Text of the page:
One term that originates from the Securities Act of 1933 is “Ultimate Beneficial Owner” (UBO). This term has taken on an increasingly important role in the fight against terrorism and money laundering.
UBO refers to the person or entity ultimately benefiting from the business relationship. When an individual opens a bank account for example, the Bank is duty bound to check if the person opening the account is also the one using it. Know Your Customer (KYC) procedures and sanction screenings help to ensure that the UBO can be identified and customer due diligence completed. In addition to UBO, there is something referred to as the Ultimate Parent Company (UPC) which is also subject to screening.
The reason why UBO has grown in importance is because malicious actors, like terrorists, narcotics dealers and others increasingly try to obfuscate their identity through the use of legal entities and even other individuals.
In the case of legal entities, the Ultimate Beneficial Owner:
- Holds at least 25% of the entity’s capital OR
- Holds at least 25% of entity’s voting rights at the AGM of stakeholders OR
- Is the beneficiary of at least 25% of the entity’s capital
Is UBO screening mandatory?
Yes, UBO screening is mandatory for organizations as described in the Money Laundering and Terrorist Financing Act. Organizations such as banks, estate agents, investment institutions, casinos, solicitors, notaries, accountants, currency exchange offices, auditors, lease companies and insurers all most incorporate UBO screening. A detailed list of all professions and organizations who must abide by this law are laid out in Section 1 of the Act.
What does UBO screening entail?
The first step of UBO screening is for an organization to find the identity of their potential client. Verification is usually done with a government issued document such as a passport. If the identity of a company needs to be verified, then Articles of Association will be checked. The purpose of this identity verification is to make sure that those involved are not a part of money laundering or terrorist financing schemes.
The next step is to perform a compliance check. Essentially this involves estimating the risk of the UBO. This might include checking to see if the UBO is on politically exposed person (PEP) lists, sanction lists, freeze lists or is under investigation. Negative publicity should also be taken into account.
The third step is to prepare a risk estimate. An organization must use objective indicators to place their clients into different risk categories that range from low to high. The nature and scale of the client screening may be adjusted based on this risk assessment. Essentially, is a client is lower risk, less effort is needed to reduce potential risk. For low risk clients, simplified screening suffices. For mid to high risk clients, stricter screening is needed.
The final step is for identification data to be filed. Organizations need to file and update their data for a minimum of five years. Information also needs to filed efficiently and consistently in order to keep data up to date.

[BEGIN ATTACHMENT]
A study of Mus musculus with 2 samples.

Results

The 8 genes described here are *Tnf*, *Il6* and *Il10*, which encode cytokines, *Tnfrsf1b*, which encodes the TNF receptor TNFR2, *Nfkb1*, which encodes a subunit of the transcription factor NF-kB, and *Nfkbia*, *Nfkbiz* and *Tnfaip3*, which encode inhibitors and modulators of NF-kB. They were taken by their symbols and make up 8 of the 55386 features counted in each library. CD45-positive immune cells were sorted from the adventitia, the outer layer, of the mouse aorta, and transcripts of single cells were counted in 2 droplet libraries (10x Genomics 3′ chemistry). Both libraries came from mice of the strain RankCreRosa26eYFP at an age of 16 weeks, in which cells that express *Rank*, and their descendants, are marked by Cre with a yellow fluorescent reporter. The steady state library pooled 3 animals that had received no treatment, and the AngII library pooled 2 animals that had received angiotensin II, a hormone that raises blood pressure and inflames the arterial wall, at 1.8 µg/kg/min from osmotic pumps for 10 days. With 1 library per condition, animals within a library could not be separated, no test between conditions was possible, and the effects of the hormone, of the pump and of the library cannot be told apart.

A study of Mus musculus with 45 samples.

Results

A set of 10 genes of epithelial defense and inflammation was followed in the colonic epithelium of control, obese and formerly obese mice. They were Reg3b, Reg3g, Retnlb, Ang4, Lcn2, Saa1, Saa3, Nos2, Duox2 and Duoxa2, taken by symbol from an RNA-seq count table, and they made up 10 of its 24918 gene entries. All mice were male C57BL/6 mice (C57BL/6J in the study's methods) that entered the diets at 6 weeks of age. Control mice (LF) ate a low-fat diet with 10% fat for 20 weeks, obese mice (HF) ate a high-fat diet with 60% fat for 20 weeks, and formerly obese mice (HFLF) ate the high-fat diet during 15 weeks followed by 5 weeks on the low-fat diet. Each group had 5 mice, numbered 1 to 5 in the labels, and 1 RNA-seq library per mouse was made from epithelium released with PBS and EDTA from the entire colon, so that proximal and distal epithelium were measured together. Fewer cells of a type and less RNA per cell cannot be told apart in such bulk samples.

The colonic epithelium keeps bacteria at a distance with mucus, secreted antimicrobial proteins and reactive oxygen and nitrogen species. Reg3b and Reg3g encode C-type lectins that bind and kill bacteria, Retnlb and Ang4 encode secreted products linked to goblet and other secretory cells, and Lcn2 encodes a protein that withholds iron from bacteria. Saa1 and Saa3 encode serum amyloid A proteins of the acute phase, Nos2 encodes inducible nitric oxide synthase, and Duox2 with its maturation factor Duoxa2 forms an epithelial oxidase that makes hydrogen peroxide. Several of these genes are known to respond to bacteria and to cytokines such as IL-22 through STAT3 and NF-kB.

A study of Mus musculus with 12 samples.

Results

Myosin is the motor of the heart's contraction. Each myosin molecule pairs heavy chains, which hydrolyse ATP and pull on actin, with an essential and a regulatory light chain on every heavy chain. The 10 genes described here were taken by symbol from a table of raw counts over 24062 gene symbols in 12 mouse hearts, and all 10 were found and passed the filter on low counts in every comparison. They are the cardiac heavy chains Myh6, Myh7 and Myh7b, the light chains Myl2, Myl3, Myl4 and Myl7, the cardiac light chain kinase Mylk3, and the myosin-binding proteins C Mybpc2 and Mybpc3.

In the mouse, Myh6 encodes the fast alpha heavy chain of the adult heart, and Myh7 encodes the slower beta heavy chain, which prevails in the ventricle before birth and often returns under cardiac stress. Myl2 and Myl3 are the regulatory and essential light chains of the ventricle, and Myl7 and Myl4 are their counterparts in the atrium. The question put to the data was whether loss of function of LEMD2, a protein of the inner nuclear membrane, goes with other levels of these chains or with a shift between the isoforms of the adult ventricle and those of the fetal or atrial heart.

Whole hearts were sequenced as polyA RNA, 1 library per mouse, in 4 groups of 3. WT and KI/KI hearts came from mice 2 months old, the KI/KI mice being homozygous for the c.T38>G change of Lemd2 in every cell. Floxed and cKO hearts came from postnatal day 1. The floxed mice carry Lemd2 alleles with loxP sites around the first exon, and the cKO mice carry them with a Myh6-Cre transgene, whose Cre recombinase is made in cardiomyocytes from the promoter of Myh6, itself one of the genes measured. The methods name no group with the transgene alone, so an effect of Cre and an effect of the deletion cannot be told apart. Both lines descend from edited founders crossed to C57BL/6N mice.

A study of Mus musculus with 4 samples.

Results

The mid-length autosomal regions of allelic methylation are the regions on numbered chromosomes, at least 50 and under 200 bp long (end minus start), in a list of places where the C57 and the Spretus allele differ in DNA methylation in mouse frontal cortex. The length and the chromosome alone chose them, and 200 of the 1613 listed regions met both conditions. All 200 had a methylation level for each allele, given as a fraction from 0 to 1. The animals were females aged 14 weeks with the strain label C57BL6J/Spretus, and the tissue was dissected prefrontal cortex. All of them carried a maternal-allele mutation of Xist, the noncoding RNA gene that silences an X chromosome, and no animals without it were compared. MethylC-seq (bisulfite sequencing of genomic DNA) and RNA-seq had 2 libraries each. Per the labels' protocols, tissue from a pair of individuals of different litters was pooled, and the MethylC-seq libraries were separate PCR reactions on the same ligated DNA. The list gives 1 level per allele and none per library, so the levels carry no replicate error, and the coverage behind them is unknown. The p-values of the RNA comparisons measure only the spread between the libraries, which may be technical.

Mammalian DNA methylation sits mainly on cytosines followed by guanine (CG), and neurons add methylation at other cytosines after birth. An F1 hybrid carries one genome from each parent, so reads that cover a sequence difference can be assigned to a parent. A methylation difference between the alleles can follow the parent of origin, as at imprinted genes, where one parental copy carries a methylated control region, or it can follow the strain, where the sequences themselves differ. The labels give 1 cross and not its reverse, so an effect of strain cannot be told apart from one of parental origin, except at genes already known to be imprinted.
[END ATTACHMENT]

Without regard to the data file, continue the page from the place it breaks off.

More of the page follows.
What are the penalties for non-compliance?
The rules surrounding UBOs are complex and strict. Both announced and unannounced inspections are common, so most organizations have chosen to at least partially automate their UBO process. The penalties for non-compliance can be as high as $1.5 million, not to mention the various sanctions that can also be imposed.
Reporting suspicious transactions
In order to counter terrorist financing and money laundering, the Financial Action Task Force (FATF) was founded in 1989. This international organization is composed of 37 member countries and make recommendations and evaluates member states. Different member states handle reporting differently, but have similarities.
Most member countries report transactions by filing a suspicious activity report (SAR) or suspicious transaction report (STR). These reports are then sent to a designated authoritative body within the member country. In the US, SARs are sent to the Financial Crimes Enforcement Network (FinCEN) which is an agency of the United States Treasury.
The qualifications for filing a SAR vary, but can include the following:
- Sudden change in the pattern of financial transactions.
- Unusual involvement of a third party, especially if they are paying on behalf of the customer
- Financial transactions involving UBOs who have a registered office in a tax haven or in a country where there is a high level of corruption
- A large and irregular cash transaction or currency conversion
- Having difficulty verifying a potential new customers identity and/or being provided with fake documents
- A customer can’t give an explanation as to where the money has come from
- Money being sent to countries that are currently under financial sanctions
Depending on the laws of the country, a SAR may still need to be filed if a certain type of transaction is happening, even if there are no irregularities. In addition, it is illegal to notify the subject of a SAR that they may potentially be investigated.